Nov 12, 2018

By George Le Masurier

A former Comox Valley resident who now lives in New Zealand, which uses the mixed-member version of proportional representation, answers three common arguments against voting in favor of electoral reform in BC

 

A few readers have criticized Decafnation recently because we have not examined the arguments against changing our electoral system to proportional representation, the main question in the current provincial referendum.

So, we visited the “No to ProRep” website to understand the rationale behind sticking with the current system of First Past The Post.

We discovered that the No side does not extol the virtues of the current system that gives 100 percent of the power to a single party that may only get 30 percent to 40 percent of the votes. The No side website is singularly focused on reasons why proportional representation isn’t a good choice.

We put the “No to ProRep” arguments to Katie Betanzo, a high school teacher in New Zealand who grew up in the Comox Valley and graduated from G.P. Vanier. Betanzo lived in in British Columbia under FPTP and now lives in New Zealand under the mixed-member version of proportional representation.

Decafnation: One of the No side’s arguments is that “the most populated city will decide everything for all of BC. PR will lead to a Vancouver-centric government that only cares about Vancouver issues.” In other words, the No side argues the political power base will move to the largest urban areas and smaller, rural communities will lose influence in the government. Has that been your experience in New Zealand?

Katie Betanzo: I have to say, this is not an issue I have heard much about here. I suppose it’s arguable that, under our system of MMP, most of our ‘list’ MPs come from urban centres rather than rural areas, but it’s just as likely that a rural electorate winds up with effectively two MPs working for them, for instance West Coast –Tasman, with a Labour electorate MP and a National list MP based in the area.

The thing about proportional representation, though, it’s proportional. Every few years we redraw electorate boundaries so that there are roughly the same number of people in each electorate. So, of course, rural electorates are physically very big – but they represent the same number of voters as a relatively ‘small’ urban electorate. The balance of power does come from the cities, but that’s where the bulk of people live. So it makes sense.


Our situation normal is two large parties – centre left and centre right – supported in a coalition government by at least one small ‘extreme fringe’ party and one small centrist party. It tends to balance out.


Historically, our electorates were unbalanced in favour of rural areas. Urban electorates had 28 percent larger populations than rural ones, giving rural electorates a disproportionate amount of power.

One thing to note, though, is that we have a party which was founded since the introduction of PR that has a focus on the regions (rural areas). Because of PR, that party consistently winds up in parliament and at the moment are in government – part of the coalition. So we have both a properly representative and proportionate government, and also a strong pro-rural voice in government.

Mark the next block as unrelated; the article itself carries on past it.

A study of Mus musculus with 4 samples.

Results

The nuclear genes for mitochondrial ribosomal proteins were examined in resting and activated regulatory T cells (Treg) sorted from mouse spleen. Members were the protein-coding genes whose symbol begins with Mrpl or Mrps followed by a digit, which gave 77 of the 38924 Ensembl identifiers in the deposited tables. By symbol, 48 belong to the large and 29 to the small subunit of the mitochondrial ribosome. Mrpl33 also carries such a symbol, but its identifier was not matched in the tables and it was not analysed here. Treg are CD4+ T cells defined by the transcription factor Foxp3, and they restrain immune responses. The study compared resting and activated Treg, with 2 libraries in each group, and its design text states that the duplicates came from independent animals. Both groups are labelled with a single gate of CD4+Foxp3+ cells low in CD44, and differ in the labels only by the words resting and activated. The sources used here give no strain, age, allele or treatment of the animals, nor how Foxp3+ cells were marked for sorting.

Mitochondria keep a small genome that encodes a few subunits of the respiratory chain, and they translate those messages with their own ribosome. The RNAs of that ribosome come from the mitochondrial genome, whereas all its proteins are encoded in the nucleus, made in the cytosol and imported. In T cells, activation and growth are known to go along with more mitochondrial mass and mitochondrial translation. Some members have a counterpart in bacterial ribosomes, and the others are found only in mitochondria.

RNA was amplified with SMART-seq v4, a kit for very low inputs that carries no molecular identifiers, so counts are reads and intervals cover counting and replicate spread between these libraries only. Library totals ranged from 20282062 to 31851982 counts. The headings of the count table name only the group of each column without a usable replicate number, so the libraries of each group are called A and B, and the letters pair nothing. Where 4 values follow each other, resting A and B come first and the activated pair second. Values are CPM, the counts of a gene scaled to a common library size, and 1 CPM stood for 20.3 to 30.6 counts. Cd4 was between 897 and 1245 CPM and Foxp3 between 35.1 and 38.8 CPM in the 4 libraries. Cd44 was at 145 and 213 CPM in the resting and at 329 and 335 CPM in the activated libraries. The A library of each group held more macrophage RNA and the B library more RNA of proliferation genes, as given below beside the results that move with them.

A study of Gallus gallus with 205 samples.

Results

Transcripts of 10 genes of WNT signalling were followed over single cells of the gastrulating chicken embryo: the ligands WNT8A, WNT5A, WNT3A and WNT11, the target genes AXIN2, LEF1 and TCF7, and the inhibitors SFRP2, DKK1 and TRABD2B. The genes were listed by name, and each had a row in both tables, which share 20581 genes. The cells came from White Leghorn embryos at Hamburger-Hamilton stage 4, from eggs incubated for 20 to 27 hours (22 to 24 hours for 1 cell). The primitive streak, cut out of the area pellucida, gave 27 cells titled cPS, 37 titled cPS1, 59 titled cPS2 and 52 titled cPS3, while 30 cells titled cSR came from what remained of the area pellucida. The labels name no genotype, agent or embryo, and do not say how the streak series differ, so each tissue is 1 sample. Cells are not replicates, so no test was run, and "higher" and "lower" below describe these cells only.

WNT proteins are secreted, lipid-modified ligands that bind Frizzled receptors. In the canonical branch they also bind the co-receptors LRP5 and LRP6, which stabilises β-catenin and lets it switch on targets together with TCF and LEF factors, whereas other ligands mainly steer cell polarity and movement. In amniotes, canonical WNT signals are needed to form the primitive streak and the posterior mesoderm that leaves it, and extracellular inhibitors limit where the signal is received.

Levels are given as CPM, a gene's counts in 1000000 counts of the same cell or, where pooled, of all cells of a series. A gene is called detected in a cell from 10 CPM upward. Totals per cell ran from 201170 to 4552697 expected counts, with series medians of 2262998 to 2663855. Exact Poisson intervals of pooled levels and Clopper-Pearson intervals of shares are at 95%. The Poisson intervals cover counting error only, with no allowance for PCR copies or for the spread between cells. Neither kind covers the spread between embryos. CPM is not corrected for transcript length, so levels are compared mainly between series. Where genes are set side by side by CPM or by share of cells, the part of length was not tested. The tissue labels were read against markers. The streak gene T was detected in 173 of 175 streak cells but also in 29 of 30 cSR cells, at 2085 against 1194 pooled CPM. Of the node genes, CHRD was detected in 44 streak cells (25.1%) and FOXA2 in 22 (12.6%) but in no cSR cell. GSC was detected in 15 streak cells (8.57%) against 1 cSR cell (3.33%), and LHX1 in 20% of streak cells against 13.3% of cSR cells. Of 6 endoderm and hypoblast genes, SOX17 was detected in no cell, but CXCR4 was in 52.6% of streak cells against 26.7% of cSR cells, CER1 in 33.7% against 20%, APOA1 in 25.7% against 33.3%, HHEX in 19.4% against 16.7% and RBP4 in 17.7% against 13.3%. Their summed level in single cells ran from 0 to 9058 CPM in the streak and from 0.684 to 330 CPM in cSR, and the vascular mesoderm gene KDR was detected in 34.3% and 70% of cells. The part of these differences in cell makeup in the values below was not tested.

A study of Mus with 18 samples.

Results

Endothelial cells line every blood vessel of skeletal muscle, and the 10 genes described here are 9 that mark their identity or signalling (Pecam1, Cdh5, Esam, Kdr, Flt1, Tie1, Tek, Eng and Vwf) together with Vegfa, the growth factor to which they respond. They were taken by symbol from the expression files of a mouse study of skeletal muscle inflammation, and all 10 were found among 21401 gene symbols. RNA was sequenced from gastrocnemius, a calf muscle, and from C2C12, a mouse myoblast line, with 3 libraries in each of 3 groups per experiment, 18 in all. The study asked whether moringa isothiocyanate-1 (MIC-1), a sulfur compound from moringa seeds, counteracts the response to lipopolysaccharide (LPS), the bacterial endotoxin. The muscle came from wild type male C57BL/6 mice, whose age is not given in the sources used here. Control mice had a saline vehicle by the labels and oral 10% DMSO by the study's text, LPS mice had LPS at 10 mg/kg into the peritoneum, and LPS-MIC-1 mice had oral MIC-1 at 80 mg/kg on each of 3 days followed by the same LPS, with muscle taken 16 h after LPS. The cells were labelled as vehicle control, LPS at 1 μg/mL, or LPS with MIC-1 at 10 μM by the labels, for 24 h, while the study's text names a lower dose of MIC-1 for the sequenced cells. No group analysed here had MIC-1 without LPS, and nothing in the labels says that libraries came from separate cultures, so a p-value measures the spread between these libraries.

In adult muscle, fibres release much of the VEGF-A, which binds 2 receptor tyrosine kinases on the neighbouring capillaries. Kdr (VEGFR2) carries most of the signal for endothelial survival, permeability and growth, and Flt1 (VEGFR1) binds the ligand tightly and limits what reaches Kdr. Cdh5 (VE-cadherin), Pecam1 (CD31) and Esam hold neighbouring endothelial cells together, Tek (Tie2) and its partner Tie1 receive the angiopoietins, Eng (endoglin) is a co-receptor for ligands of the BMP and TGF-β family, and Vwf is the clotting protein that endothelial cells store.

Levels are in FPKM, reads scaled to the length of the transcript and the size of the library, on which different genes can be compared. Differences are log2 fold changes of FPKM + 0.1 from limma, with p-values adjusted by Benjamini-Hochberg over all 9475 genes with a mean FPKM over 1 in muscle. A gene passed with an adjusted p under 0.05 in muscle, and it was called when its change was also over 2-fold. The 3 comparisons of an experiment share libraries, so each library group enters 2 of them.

We also have a certain number of seats for Māori, our indigenous people, who are more likely than the general population to live in rural areas. Māori can chose to vote in either a general or a Māori electorate, but this ensures a strong voice for indigenous issues in central government. These seats date back to 1867.

Decafnation: The No website also claims that under PR, “the rise of backroom deals and political posturing is inevitable.” Does this happen in New Zealand?

Betanzo:: I suppose this is a concern and it does get thrown around from time to time, but it’s almost never proven — certainly no more prevalent than under FPTP. If anything, having to work together with at least one other party in government tends to keep parties honest.

The closest I can think of is some past manoeuvring by a right-wing party to ensure that another, very small right-wing party won an electorate seat (the larger party did not stand a candidate in the electorate), and thus would bring two MPs into Parliament under our MMP rules. This was widely held to be a corrupt practice and created quite a scandal.

As for any type of cronyism or nepotism – it doesn’t happen – not more than under FPTP.

Decafnation:: And last, anti-Pro-Rep people say the system gives the balance of power to extreme fringe parties on the right or the left. They say PR allows “extremist parties to have a say.” Has that happened in NZ?

Betanzo: In theory, it is possible that an extreme fringe party could sway a government (the tail wagging the dog). But in theory, it is also possible that an extreme and vocal faction within a larger party could sway that party’s policies. (That happened here when a small group within a socialist party drove their neoliberal economic agenda through into law.)

I’ve done a far bit of research, and the most common mention of the “tail wagging the dog” or “unpopular legislation” is in the context of people complaining about proportional rep. It’s a myth. There are a few examples of small parties using their leverage to get bills introduced to parliament, but once the bill is before the house it has to pass the same scrutiny as any other legislation.

Our situation normal is two large parties – centre left and centre right – supported in a coalition government by at least one small ‘extreme fringe’ party and one small centrist party. It tends to balance out.

Once or twice a far left or right party has managed to tug a government a bit further to the left or right, but nothing like the myth of the country being held hostage by an extreme fringe party.